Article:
Once upon a time, men had it easy. We knew what was expected of us and we could do it. Yes, that time wasn’t great for everyone, but it was for us based on that one simple reason alone.
Then, things changed. Women got it in their heads that they not only needed to defend what women should and shouldn’t be and do, but also sought to define masculinity as well.
Frankly, little else annoys me worse than feminists seeking to complain about male-focused things. Not that they care because, apparently, women are the reigning experts on men and masculine stuff
For example, at The Daily Dot they regularly ask “Are men OK?” but then let people who say things like this write the stories:
From the outside, it looks like any other hipster roaster—beans roasted to order, impeccable branding, a Blue Apron-esque monthly delivery service—but a look at one of its ads (in collaboration with the filmRange 15) tells a different story of manliness and virility and big, big muscles.
Guns? Check. Woman in a bikini? Check. Is her bikini in American flag colors? You betcha. Rant on the “pussification of the American male”? Yup. Kicking a racist caricature of an Islamic person in the head? That too. Joke about cops not arresting a white man because he “didn’t break the fucking law”? Eep. An entire taxidermied deer? For some reason, yes. And then finally, at the end, a bag of coffee.
Judging from its ad, on some level, Black Rifle thinks they’re trying to be funny. It’d be easy for them to just chalk it up to “tongue in cheek” humor and accuse anyone who takes it too seriously of not being able to handle a joke—or worse, trying to disrespect the troops. But on another level, we know it’s very serious about using racist stereotypes and violence to sell quality coffee. Someone should tell Black Rifle about the “spiritual ascendency of the sperm.” Seems like it’d make a great followup ad.
Actually, they succeed at being funny. They so-called “racial stereotype” had more to do with the general ethnicity this generation of men fought in war than any genuine racial animosity. Unless they take a line telling people if they don’t want to get shot, don’t break the law to be somehow racist. If so, that’s more telling about them than anything else.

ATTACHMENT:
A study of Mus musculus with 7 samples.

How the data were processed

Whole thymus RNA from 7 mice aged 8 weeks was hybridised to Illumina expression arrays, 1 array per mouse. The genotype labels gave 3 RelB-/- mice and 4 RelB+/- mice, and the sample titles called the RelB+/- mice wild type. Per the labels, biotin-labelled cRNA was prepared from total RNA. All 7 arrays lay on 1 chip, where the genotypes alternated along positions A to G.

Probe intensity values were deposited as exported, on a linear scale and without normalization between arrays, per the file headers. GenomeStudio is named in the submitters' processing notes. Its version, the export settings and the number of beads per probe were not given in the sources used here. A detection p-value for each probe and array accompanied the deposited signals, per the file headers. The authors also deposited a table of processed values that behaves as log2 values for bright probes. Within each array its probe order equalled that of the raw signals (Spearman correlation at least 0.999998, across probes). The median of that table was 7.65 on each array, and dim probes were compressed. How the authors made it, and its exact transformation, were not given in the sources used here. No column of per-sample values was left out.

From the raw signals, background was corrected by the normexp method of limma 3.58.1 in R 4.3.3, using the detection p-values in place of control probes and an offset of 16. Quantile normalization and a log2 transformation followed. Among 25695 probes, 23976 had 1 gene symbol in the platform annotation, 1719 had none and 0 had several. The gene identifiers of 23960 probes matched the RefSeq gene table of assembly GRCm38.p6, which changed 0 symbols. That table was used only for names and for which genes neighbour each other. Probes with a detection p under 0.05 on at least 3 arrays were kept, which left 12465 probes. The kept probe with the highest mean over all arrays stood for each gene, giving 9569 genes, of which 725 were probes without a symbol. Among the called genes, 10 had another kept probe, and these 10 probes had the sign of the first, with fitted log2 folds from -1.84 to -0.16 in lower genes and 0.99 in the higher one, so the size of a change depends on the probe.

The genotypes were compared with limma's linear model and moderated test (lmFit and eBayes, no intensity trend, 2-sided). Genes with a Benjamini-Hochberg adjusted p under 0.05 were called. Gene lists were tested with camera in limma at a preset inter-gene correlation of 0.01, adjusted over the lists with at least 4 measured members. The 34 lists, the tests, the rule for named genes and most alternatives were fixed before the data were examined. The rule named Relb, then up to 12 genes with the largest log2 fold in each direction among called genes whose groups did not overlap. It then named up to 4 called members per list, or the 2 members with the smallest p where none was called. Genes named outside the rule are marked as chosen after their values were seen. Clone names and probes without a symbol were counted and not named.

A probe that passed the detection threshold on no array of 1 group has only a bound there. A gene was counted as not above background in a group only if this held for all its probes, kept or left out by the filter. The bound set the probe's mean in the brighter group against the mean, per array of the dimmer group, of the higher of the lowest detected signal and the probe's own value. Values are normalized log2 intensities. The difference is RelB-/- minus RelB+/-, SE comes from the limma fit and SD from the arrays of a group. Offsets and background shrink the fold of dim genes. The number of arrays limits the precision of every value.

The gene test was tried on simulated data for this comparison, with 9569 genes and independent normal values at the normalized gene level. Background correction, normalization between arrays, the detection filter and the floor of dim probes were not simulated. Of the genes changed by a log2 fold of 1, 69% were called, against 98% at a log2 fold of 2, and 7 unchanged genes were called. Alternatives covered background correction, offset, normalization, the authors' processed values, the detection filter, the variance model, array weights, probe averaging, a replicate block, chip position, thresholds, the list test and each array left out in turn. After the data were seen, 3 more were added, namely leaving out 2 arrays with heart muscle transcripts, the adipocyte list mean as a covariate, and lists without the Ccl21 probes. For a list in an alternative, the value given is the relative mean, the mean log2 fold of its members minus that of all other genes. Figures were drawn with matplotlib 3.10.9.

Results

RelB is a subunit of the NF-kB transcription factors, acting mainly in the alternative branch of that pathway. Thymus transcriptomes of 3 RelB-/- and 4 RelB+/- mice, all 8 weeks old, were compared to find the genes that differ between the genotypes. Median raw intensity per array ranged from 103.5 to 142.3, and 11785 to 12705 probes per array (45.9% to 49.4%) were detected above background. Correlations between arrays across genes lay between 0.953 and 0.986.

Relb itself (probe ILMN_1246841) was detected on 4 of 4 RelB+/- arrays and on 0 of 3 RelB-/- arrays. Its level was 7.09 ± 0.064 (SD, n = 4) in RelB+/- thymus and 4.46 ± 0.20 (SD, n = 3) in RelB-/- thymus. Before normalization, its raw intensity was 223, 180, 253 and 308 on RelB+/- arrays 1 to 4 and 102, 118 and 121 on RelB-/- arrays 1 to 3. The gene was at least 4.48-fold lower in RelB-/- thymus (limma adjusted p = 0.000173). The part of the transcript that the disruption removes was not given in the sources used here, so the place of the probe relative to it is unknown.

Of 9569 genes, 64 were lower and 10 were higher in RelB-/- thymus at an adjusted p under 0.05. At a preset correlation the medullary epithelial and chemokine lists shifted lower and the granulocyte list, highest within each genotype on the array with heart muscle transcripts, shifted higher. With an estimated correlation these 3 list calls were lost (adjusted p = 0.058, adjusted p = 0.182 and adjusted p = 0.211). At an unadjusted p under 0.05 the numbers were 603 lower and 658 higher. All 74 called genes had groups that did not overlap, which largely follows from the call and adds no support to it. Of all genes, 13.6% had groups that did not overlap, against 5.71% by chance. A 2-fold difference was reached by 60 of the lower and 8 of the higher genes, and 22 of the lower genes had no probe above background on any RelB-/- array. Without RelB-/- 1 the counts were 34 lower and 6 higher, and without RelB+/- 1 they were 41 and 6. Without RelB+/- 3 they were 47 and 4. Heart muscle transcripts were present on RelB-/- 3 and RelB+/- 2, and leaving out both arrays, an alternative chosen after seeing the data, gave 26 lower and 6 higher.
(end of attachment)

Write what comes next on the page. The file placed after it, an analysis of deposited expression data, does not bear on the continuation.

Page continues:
The reality is that this ad tells their target audience–an audience which doesn’t include whiny feminists at The Daily Dot–that this is a company that embraces their values. In this case, it’s signaling to men in general and veterans in particular that this is a product made with them in mind.
The author of this piece, Jaya Saxena, is the brainiac behind the whole “Are Men OK?” thing at The Daily Dot. Of course, she’s also one who thinks crap like this:
Of course, all it takes to be a “real man” is to identify as one, and for some men it is very important to do so, thus the shirt touting “real man.” Even if you’re into child’s pose or talking about what your wife does, the fact that you have to point out you’re “real man” is mostly about proving your masculinity is still intact, despite these proclivities. The shirts are also a joke, like, “See, I can still be a real man and have cats!”
Men, you don’t need to do anything. Though the dishes are nice.
Translation? Anyone can be a man so the term doesn’t mean crap.
When I talk about women trying to redefine masculinity, this is what I’m talking about. Anyone who “identifies” as a man is a man, so the term is completely meaningless. After all, the daintiest girl imaginable may “identify” as a man, and according to Saxena here, that’s good enough.
No, it’s not. Not by a long shot.
Oddly enough, if men tried to define femininity for Saxena, what do you think would happen? Screaming and lamentations would be just the start.
Immediately, those men would be labeled misogynists trying to bring back The Patriarchy. They’d be labeled wrongheaded and completely out of line for trying to tell women how to be women. After all, what do men know about what it’s like to be a woman?
However, that wouldn’t stop them from applying the double standards feminism rightly decried for so many years themselves. They feel no remorse or shame in trying to redefine what it means to be a man to fit their own pathetic needs for absolute control over all aspects of society.
After all, it’s not enough that they might not want to order Black Rifle Coffee Company’s products. No, they want to undermine everything in that ad because they don’t want you to want to order their products either.